Cameroon will hold presidential elections on Oct. 9. Over 20 challengers are facing off against President Paul Biya, who has held his post since 1982. Biya won elections in 1984, 1992, 1997, and 2004, and is running again after removing a two-term limit imposed by the 1996 constitution. Almost all observers expect Biya to win re-election this time as well. Official campaigning, which Voice of America describes as “sluggish,” only began recently, but on a rhetorical and now physical level, the process has been punctuated by violence.
In terms of rhetoric, the major opposition candidate has used highly inflammatory language to describe other contenders:
The chairman of Cameroon’s main opposition party, John Fru Ndi, said Monday that the other opposition parties competing in October’s presidential race are “maggots.”
Fru Ndi told supporters at a rally in the opposition stronghold of Bamenda that nearly all the parties running alongside his Social Democratic Front were set up by President Paul Biya as a ploy to fracture the main party.
Fru Ndi has also made vague threats of protests and boycotts:
“I would not opt for youths to take to the streets in protest like that of the Arab Spring, but if Mr. Biya’s regime this time violates a free, fair and transparent election as he has always done, I would change my mind,” he told supporters.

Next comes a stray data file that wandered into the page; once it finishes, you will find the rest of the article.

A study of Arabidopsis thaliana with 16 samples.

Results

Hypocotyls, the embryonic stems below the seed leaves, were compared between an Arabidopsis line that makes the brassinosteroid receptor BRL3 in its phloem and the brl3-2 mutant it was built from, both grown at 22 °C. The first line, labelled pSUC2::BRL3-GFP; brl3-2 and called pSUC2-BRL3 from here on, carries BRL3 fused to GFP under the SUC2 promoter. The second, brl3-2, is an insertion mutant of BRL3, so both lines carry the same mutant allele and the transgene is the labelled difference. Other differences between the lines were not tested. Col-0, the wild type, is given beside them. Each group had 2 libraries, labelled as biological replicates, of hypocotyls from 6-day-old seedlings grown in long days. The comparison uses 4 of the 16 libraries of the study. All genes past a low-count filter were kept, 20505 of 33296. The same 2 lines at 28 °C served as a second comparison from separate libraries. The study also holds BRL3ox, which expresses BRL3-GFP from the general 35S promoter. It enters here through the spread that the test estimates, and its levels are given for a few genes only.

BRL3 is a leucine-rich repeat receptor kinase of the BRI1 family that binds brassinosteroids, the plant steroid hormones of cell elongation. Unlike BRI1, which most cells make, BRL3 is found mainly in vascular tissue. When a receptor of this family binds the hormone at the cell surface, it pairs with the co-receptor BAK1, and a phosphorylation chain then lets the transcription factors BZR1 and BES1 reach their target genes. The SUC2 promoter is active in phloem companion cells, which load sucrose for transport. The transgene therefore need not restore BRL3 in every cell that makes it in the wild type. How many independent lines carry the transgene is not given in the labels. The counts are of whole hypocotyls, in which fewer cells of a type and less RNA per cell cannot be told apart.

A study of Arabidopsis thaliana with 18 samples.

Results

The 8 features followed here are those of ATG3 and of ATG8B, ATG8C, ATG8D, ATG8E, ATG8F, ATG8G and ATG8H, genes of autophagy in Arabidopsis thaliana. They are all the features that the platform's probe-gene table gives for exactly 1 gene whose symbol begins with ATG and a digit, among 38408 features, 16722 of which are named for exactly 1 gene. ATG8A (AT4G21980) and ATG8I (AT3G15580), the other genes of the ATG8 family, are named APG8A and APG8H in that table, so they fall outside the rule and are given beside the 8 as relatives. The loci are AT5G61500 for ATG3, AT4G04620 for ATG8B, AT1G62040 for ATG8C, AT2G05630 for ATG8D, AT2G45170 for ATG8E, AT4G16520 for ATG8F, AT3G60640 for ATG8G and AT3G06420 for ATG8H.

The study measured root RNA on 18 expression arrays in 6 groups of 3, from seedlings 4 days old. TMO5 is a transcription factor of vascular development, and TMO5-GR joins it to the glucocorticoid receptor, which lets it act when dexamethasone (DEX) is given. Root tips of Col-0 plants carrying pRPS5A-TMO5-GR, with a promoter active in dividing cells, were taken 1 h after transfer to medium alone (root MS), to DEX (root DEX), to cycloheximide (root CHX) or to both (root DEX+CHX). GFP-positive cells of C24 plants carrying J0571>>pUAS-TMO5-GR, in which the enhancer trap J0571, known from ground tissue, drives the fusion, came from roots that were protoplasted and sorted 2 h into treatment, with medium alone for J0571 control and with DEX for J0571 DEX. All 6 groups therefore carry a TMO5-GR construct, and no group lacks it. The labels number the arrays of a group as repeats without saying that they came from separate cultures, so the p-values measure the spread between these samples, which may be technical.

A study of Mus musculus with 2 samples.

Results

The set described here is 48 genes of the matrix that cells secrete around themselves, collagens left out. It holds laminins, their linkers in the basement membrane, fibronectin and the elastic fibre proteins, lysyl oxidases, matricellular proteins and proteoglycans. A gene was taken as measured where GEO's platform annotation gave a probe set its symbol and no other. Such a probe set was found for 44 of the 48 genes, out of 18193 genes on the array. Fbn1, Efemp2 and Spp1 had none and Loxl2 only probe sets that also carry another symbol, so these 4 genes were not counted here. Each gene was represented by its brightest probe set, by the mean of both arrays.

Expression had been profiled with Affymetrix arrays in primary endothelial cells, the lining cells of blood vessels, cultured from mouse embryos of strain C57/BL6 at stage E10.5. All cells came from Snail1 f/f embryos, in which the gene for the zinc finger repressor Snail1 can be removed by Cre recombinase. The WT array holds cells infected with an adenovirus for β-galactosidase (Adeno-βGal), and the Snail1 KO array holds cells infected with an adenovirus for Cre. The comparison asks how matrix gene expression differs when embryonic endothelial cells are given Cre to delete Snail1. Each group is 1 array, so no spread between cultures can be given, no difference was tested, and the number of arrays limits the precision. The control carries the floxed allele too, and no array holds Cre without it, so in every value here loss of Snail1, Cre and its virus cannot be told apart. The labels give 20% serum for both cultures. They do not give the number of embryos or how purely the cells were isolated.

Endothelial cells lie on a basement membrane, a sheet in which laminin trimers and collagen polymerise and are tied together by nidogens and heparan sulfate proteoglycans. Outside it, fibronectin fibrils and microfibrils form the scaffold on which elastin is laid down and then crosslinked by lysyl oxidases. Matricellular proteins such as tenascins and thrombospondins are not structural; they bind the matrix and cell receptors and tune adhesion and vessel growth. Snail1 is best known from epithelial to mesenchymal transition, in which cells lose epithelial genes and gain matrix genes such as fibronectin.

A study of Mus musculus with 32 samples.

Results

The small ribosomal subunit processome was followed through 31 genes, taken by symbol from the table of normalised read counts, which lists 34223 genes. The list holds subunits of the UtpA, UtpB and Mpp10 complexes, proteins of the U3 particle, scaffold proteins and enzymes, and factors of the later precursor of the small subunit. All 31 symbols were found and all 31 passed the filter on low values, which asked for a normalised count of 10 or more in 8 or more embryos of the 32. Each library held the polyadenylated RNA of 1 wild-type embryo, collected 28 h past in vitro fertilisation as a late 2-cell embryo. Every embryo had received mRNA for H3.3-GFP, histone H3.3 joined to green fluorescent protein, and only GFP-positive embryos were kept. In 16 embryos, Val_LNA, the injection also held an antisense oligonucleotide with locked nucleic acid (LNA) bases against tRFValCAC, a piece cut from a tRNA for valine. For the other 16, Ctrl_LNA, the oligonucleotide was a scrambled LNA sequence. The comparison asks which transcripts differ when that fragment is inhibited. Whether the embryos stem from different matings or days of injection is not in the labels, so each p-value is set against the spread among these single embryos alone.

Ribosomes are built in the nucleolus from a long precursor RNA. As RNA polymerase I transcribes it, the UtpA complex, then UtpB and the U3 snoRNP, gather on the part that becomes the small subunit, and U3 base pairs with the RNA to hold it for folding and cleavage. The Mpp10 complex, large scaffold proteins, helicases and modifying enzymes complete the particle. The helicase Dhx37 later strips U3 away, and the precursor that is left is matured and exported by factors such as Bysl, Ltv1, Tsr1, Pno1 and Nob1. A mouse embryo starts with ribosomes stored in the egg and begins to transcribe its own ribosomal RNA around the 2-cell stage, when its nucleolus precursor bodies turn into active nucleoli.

Amid this heated rhetoric, now there has been a flash of physical violence as well:
Witnesses report a heavy military presence in Cameroon’s commercial hub, Douala, after gunmen dressed in military uniform opened fire on a major bridge to protest the country’s longtime president.
Officials say at least five gunmen blockaded the busy Wouri Bridge early Thursday and exchanged gunfire with security forces for about three hours. No injuries were reported.
Authorities say four suspects were taken into custody and another one plunged from the bridge into the river below. Cameroon police said they were interrogating the suspects to determine if they were soldiers.
Five men is not so many, but the dramatic action they took certainly attracted attention and increased the level of tension in the country. If the men turn out to be soldiers, that could raise questions about how widespread such discontent is within the security forces.
None of this directly threatens Biya, but the rhetorical and physical violence does point to underlying political strains in Cameroon. The big question will not be what happens during the election, but what happens afterward, especially as politicians, soldiers, and other powerful forces in Cameroon look toward a post-Biya future.